Interview Roel van Loo (DCMR)

2g@there Port & Corridor Cooperation works closely with many different public and private organisations in order to offer a wide range of service and solutions. One of the these organisation is DCMR (Environmental (Protection Agency Rijnmond), based in the Netherlands. Project Manager Roel van Loo from DCMR has been involved with the set-up of a regional Environmental Agency in Saldhana Bay, Western Cape in South Africa. In an interview he explains the importance and strategy on how to do business but at the same time protect the environment. In other words, sustainable development. 

Can you explain the core objectives and structure of DCMR Milieudienst Rijnmond? DCMR is a Dutch government cooperation between one Province (South Holland) and 16 Municipalities, established in 1972 due to on-going pollution in the Rotterdam Rijnmond port region. Goal of DCMR Environmental Agency is to create and guard a safe and healthy environment for inhabitants and nature but keep the economically competitiveness sound as well. After a few decades, the Port of Rotterdam and DCMR have proved that these two goals can go hand in hand.

How are you able to unite economic growth, development, job creation and protecting the environment at the same time? What is the key to success?

The basic position of DCMR is always the following: “Every company that wants to operate in the Rotterdam Port region: we make it environmentally possible”. But of course within certain European Guidelines and overall environmental limits for the whole region. We work very close together with other actors, like the Port of Rotterdam. Another key for success is transparency; visit and you can see online the air quality in the Rijnmond region.


You are not only focussing on the Rijnmond region, can you clarify the international strategy of DCMR?

We support economic development, but only if this is sustainable. DCMR has defined the concept of “sustainable” in measurable parameters and a concrete concept that can be implemented globally.




The more this sustainable strategy is implemented all over the world, the more you can speak of a “Level playing field”. Countries and ports can compete each other as tough as possible, but do not compete on environmental issues. To compensate the negative impacts on the environment are simply too costly for the next generations.


And in which countries and areas are you active? 

At this moment Eastern Europe, Sultanate of Oman and South Africa. Sometimes there are one-time missions to other countries. DCMR operates upon request of the Rijnmond stakeholders, like the Port of Rotterdam, or the Dutch National Government as part of Government-to-Government cooperation.


DCMR has already contributed towards the sustainable development of Saldanha Bay in the Western Cape. What has been established so far?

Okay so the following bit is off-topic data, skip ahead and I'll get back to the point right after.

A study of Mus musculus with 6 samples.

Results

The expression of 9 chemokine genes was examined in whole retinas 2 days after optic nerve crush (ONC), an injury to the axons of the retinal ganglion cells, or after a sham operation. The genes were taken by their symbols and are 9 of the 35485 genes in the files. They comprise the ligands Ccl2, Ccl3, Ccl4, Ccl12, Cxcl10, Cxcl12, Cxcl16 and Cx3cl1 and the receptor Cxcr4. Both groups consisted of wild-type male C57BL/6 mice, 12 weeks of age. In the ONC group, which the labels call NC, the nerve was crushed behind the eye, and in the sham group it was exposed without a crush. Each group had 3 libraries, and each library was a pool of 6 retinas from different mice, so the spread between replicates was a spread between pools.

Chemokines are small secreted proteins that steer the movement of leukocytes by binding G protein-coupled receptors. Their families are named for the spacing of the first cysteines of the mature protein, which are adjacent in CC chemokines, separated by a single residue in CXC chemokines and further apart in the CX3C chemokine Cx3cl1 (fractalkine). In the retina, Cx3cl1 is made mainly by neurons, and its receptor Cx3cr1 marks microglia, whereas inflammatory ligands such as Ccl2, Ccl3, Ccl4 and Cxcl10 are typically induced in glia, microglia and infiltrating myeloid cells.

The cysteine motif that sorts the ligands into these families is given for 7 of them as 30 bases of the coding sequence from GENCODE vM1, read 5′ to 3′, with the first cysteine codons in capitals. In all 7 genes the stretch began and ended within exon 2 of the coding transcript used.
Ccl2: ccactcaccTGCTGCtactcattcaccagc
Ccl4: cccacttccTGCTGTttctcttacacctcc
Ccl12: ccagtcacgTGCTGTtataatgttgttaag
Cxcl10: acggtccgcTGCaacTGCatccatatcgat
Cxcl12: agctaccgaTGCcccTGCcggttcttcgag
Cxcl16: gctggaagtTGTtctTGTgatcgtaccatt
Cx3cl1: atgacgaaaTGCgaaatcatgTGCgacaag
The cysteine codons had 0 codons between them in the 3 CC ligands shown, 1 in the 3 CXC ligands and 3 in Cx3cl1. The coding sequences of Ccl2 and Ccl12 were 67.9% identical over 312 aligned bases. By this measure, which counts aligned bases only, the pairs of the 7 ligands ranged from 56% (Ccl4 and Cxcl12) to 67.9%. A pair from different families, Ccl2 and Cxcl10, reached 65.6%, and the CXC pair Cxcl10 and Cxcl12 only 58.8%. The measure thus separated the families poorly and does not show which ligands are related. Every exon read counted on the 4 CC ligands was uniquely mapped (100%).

The project is in a starting phase. The goal is to establish a regional Environmental Agency for a major industrial development. This concept is new to South Africa so this takes time, e.g. the legal situation has to be sorted out. But DCMR is not in a rush and we are more than willing to assist.


What are the lessons learned in terms of working in the South African environment?

South Africa is developing is a very fast pace. This is the time to establish strong, professional and transparent Environmental Agencies. This way the Environmental Agencies can guide and steer towards a sustainable economic development.

Do you have future projects in mind for South(ern) Africa? 

That is up to the cooperating governments of course, but DCMR can assist with building agencies in the whole country. Or, maybe even better, we hope that other ports will simply copy our concept. It is not rocket science; just simply implement 9 environmental key measures.


What are the specific challenges you face in South(ern) Africa? 



Nothing special to be honest, so far at least. You are constantly working with both the public and the private sector. How important are PPP’s and what is crucial to make this work, also seen in the light of sustainability? This issue is mostly related to the financing of the environmental agencies.


There is an internationally accepted principle called “the polluter pays”. This means in this case that the companies need to pay for the environmental agency. But this can obviously cause a problem when the agency decides to give a fine to a certain company for being non-compliant.

And if the agency decides to close a company…. will they keep paying the contribution to the agency? Difficult!


This is the reason why there needs to be a strong legal backing of the concept of environmental agencies. But the number of globally operating companies is growing every week. These companies have a strong believe in government compliance and consider costs for environment and safety and good investments. The better the company, the less costs for Government.


Great companies also invest in great consultants that assist in obtaining the permit and compliance monitoring. In our view it is definitely going in the right direction, as long as we keep focussing on the global Level Playing Field: India, Europe, USA, South Africa, China…All countries should protect the environment with the same standards.